This book considers discussion in recent years why adults often state that they have no talent for languages and feel that they can’t succeed. Andrew is of the opinion that they often don’t understand what gets in their way. He suggests that language learning ability can be dramatically improved by students of all ages reflecting on their own inner potential, their temperament and learning dispositions.
Mastery of a second language is, in his opinion, achieved by considering a holistic approach to language acquisition. It is particularly interesting that he invites the reader to look again at the way babies and children revel in acquiring language and to try to ‘remodel’ these strategies in their adult lives.
Andrew suggests that students can train themselves to become engaged in the language itself. There is a sharp focus on actually stopping ineffective learning practice and rediscovering enjoyment in learning and awareness of what works. Adult learners should tune in to the things that they enjoy! The author suggests that if students pay more attention to this, for example reading material they choose, listening to music and watching films, the foreign language will be absorbed. He asks the reader to reconnect with their inner person.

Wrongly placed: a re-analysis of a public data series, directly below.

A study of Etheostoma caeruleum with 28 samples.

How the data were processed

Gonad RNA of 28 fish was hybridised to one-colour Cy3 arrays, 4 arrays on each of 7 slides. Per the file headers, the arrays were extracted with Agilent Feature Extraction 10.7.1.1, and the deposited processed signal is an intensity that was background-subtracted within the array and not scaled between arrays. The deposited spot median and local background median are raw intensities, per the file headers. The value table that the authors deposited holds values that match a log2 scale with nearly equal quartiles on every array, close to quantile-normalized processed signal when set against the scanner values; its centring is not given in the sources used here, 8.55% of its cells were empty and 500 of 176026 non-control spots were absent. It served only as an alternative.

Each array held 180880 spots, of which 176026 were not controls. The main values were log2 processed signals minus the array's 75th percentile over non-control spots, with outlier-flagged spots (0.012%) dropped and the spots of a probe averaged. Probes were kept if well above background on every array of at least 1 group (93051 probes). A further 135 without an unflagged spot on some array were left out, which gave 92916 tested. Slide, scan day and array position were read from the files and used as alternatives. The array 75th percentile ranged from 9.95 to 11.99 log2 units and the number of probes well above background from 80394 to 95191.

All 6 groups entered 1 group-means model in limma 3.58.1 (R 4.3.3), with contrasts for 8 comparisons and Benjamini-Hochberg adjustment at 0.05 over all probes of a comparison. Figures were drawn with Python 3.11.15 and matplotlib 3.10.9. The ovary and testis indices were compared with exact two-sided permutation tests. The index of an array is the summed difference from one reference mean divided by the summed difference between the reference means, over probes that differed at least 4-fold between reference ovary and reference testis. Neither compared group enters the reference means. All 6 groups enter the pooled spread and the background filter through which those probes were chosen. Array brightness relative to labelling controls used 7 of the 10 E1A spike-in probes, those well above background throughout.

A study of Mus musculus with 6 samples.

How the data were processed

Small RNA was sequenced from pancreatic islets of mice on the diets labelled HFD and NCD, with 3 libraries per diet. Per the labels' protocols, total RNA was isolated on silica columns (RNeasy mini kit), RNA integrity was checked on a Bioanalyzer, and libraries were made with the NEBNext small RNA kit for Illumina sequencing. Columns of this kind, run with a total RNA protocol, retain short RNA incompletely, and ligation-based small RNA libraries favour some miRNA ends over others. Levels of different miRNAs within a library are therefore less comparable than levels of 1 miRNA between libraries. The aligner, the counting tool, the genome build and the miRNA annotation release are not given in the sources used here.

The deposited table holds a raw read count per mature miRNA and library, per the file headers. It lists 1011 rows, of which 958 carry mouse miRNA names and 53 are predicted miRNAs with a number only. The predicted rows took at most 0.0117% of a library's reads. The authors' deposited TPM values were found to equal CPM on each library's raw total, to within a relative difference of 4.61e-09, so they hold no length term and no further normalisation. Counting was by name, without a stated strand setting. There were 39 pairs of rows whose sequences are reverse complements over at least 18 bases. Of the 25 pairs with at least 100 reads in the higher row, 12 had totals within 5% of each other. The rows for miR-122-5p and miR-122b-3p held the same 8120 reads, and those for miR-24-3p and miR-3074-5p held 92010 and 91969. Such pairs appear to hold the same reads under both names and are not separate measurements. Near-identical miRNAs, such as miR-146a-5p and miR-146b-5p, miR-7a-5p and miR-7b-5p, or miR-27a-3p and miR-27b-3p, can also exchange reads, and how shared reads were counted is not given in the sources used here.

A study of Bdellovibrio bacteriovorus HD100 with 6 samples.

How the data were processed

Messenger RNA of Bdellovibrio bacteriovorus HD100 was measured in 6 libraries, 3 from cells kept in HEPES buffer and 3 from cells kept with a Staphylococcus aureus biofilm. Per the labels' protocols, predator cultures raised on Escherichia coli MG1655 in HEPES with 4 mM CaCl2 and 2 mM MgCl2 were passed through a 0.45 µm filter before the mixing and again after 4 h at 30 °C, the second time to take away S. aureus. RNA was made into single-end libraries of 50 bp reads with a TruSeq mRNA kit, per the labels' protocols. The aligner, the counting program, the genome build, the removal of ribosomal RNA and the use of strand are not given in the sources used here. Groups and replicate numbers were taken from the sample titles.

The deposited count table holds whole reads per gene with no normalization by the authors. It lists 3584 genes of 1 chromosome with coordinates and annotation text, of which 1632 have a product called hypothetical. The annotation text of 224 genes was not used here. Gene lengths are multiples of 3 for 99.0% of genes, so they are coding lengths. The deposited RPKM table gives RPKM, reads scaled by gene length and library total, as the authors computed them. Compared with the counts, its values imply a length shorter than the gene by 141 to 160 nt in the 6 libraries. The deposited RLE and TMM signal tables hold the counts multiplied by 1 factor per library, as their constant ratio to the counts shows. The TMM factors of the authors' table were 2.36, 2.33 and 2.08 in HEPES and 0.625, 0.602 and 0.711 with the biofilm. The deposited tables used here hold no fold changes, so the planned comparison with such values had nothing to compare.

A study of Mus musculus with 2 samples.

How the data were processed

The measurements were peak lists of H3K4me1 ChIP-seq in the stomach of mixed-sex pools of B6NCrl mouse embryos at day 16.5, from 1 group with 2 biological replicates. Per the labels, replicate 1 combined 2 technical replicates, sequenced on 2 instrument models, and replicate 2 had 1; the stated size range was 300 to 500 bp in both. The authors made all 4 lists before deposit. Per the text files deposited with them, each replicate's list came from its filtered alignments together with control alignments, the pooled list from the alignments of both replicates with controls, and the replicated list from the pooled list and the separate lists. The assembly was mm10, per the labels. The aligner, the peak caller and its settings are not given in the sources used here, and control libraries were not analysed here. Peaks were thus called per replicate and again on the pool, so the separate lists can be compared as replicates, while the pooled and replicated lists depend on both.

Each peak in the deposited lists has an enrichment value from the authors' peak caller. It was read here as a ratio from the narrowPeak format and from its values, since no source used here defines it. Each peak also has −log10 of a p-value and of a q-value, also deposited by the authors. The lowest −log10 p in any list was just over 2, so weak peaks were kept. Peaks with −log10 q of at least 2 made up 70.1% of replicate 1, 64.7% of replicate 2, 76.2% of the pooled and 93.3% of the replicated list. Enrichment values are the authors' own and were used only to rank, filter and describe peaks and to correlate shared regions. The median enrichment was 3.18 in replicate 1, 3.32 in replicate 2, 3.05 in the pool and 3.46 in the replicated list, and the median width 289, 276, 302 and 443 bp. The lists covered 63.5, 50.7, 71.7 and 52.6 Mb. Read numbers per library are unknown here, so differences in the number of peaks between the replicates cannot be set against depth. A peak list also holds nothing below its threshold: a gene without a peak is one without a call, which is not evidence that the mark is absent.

Andrew has set out to empower language learners of all ages. Chapters are set out in logical order to help students develop their character, then the all-important learning tools and finally how to implement them successfully. I recommend that you read it. I was moved by chapter 6 - Culture, Languages and Learning.
More reviews ...
Thanks to ALL Council Member and West of England Branch Secretary Crista Hazell for reporting on the Inside Government Modern Foreign Languages 2018 conference An MFL conference is always exciting, the whole day committed to all things MFL, just brilliant! The...
Following on from co-authoring “The Language Teacher Toolkit” (2016), Steve Smith has written another excellent book packed full of practical and easy-to-implement language teaching ideas. The book is an accessible and informative read for new MFL teachers and more experienced practitioners should also find plenty here to make the purchase worthwhile.
Whether you’re an experienced teacher who has taught literature and film before, or a ‘novice’ somewhat daunted by the requirements of the new A Level languages specification, the Hodder Modern Languages Study Guides are a superb resource for teachers and students alike.